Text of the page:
Mackerel: A long, slender saltwater fish. The flesh is firm and
fatty, with a distinctive savory flavor. The most popular mackerel is
the king mackerel, also known as the "kingfish".
Mackerel, King: Also called the
"kingfish", this is the most popular variety of mackerel. This fish has
a firm, high-fat flesh with a savory flavor.
Mackerel, Pacific: Also called the
"chub," this species of Pacific mackerel is also found in the
Mediterranean. Like other mackerels, this fish is fatty and has a strong
Mahi Mahi: Also called "dolphin
fish" and "dorado" Although this fish is a dolphin, it is not a mammal. To avoid
this confusion, the Hawaiian name "Mahi Mahi" is becoming prevalent.
This fish is moderately fat with firm, flavorful flesh. The meat is high
in Omega 3 oil.
Marinated - Indicates that the
seafood has been cured in an acidic solution, such as vinegar.
Market Steak - Small steak cut
from roasts, usually weighing less than 5 ounces apiece. Also called
Market Price - Price as dictated
by the fish market. Usually fresh seafood's daily price when sold at a
restaurant. This is because prices can fluctuate depending on catch and
Melanosis: Blackening of the
shell in crustacea, especially shrimp and some crabs. Melanosis will
always appear in time, but it happens much more quickly if product has
not been properly handled before freezing.
Milkfish: An important food fish
of the Indo-Pacific region that offers a tender, white flesh. Hawaiians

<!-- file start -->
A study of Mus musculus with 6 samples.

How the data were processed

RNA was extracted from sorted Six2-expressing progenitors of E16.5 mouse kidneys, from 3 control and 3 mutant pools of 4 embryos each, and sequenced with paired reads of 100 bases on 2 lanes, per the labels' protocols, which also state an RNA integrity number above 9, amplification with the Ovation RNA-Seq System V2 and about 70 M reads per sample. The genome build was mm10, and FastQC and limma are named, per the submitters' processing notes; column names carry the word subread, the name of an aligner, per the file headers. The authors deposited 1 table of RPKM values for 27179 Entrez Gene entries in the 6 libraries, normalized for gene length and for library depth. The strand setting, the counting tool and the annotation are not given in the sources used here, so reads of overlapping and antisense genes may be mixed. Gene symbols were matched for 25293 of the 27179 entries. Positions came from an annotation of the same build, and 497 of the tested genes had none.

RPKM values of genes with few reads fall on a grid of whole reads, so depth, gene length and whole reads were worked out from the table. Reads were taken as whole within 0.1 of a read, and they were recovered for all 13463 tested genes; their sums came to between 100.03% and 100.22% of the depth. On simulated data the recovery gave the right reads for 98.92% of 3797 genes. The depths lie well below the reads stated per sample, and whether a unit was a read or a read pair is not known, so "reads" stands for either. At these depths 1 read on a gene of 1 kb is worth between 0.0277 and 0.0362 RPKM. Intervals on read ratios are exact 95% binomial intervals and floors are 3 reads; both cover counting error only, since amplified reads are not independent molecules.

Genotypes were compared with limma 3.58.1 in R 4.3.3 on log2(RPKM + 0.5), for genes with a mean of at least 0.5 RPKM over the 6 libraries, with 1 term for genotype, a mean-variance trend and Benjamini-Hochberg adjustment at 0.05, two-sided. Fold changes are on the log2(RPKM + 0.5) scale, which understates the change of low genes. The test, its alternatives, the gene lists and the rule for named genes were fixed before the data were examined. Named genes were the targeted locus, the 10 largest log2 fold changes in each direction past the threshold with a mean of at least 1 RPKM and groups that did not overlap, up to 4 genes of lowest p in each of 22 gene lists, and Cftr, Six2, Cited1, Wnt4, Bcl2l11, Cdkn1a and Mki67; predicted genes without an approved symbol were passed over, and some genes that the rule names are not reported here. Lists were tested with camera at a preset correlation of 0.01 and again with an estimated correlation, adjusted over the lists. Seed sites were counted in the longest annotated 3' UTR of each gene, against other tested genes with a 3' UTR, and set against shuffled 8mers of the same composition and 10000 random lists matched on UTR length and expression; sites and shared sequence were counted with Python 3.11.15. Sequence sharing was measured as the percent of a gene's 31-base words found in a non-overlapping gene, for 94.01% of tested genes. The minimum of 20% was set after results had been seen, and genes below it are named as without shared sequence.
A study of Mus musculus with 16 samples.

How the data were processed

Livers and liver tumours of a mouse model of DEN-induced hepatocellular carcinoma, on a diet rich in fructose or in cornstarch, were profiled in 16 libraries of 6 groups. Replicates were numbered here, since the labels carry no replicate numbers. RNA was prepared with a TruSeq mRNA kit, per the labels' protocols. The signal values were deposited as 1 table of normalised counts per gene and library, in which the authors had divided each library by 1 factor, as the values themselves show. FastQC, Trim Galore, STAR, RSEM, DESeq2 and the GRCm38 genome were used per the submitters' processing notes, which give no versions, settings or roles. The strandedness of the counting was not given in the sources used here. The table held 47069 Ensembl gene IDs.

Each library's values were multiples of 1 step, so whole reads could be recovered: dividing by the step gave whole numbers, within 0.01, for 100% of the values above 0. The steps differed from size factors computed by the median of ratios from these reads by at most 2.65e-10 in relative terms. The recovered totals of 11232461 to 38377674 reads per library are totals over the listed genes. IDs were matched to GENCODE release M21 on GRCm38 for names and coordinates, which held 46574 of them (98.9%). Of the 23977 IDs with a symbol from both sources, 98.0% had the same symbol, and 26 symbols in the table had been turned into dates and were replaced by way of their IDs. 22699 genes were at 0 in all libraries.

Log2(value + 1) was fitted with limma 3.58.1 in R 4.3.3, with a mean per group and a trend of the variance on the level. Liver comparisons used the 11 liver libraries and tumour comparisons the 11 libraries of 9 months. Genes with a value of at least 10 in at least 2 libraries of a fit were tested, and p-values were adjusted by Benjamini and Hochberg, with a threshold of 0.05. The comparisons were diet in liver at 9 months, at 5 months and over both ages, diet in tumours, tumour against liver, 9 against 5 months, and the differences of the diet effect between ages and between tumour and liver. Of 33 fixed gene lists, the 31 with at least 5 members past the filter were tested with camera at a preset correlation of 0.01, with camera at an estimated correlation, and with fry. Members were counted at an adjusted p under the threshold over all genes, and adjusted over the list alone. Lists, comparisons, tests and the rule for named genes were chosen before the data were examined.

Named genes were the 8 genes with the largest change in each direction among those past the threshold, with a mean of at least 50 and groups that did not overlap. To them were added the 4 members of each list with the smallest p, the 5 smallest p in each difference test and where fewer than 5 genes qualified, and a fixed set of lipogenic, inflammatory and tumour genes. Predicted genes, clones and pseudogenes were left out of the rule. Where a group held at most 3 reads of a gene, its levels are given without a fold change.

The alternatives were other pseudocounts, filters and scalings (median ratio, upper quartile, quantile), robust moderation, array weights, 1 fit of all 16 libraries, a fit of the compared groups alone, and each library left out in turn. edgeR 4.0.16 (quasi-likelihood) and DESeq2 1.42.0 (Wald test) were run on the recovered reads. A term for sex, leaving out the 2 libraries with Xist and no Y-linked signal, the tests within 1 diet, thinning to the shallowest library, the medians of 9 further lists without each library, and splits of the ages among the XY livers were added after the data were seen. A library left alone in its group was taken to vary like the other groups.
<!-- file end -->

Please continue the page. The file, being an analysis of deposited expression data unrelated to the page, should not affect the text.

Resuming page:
use milkfish for making fish cakes and sashimi. Also called "awa."
Mince - Fish pieces left over from
filleting and trimming, sieved to remove any bones; used for making
Mollusks: (or Mollusc): a soft
bodied animal usually with a shell: either one shell (known as. uni-valve)
or two shells (known as gastropods or bi-valve) or no shell (known as
cephalopods) See Shellfish.
Molting: The shedding of the
exoskeleton of crustaceans in order to grow.
Monkfish: This large low-fat,
firm-textured salt-water fish has a mild, sweet flavor similar to
lobster. Sometimes referred to as "poor man's lobster." Also called
"Angler," "Lotte," "Belly-Fish," "frogfish," "Sea Devil," and
Moochim: A Korean-style dried fish
with soy sauce.
Moreton Bay Bug - A crustacean
found in the Northern Half of Australia. They are a species of
Slipper Lobster and their scientific name is Thenus orientalis.
Moreton Bay Bugs are generally caught commercially as a by-catch of
local prawn fisheries by demersal otter trawls and with dredge nets.
More info on Moreton Bay Bugs
- (Nemadactylus macropterus). Average length 30-40 cm, average weight
1.8 kg, but can grow to 60 cm. Found around New Zealand, southern
Australia and southern South America. Deep bodies and laterally
compressed with one pectoral fin ray elongated. Colour varies with
locality from silvery with a blue-green sheen, to silvery black.
Distinctive black shoulder band. Small protractile mouth with thick
lips. Moderate scales. Known as Tarakihi in New Zealand: most abundant
in the cooler waters south of East Cape and around the South Island.
Demersal, main depth range 100-250 m. Caught mainly by trawling. Flesh
white, medium-firm texture. Suitable for all methods of cooking.
Mullet: This term is used to
describe several families of important food fish. In general, they are
saltwater fish with a moderate to high fat content and flesh that is
tender, white, and firm textured. They have a sweet, nut-like flavor.
Muscle Line - A line of fat
running laterally down the center of a fillet.
Muskellunge: A freshwater pike
that averages between 10 and 30 pounds. Some specimens, however have
reached 60 pounds and up to six feet in length. Muskellunge offers a
lean, firm, low-fat flesh.
Mussel: A popular bivalve mollusc
with worldwide distribution. There are salt and freshwater varieties.
The thin shell means there is more meat compared to the same weight of
clams or oysters. The yellow meat has a sweet and delicate flavor.
Muttonfish: A marine fish of the
eelpout family found mainly in the Pacific. The flesh is sweet and white
and contains very few bones. Also called "ocean pout."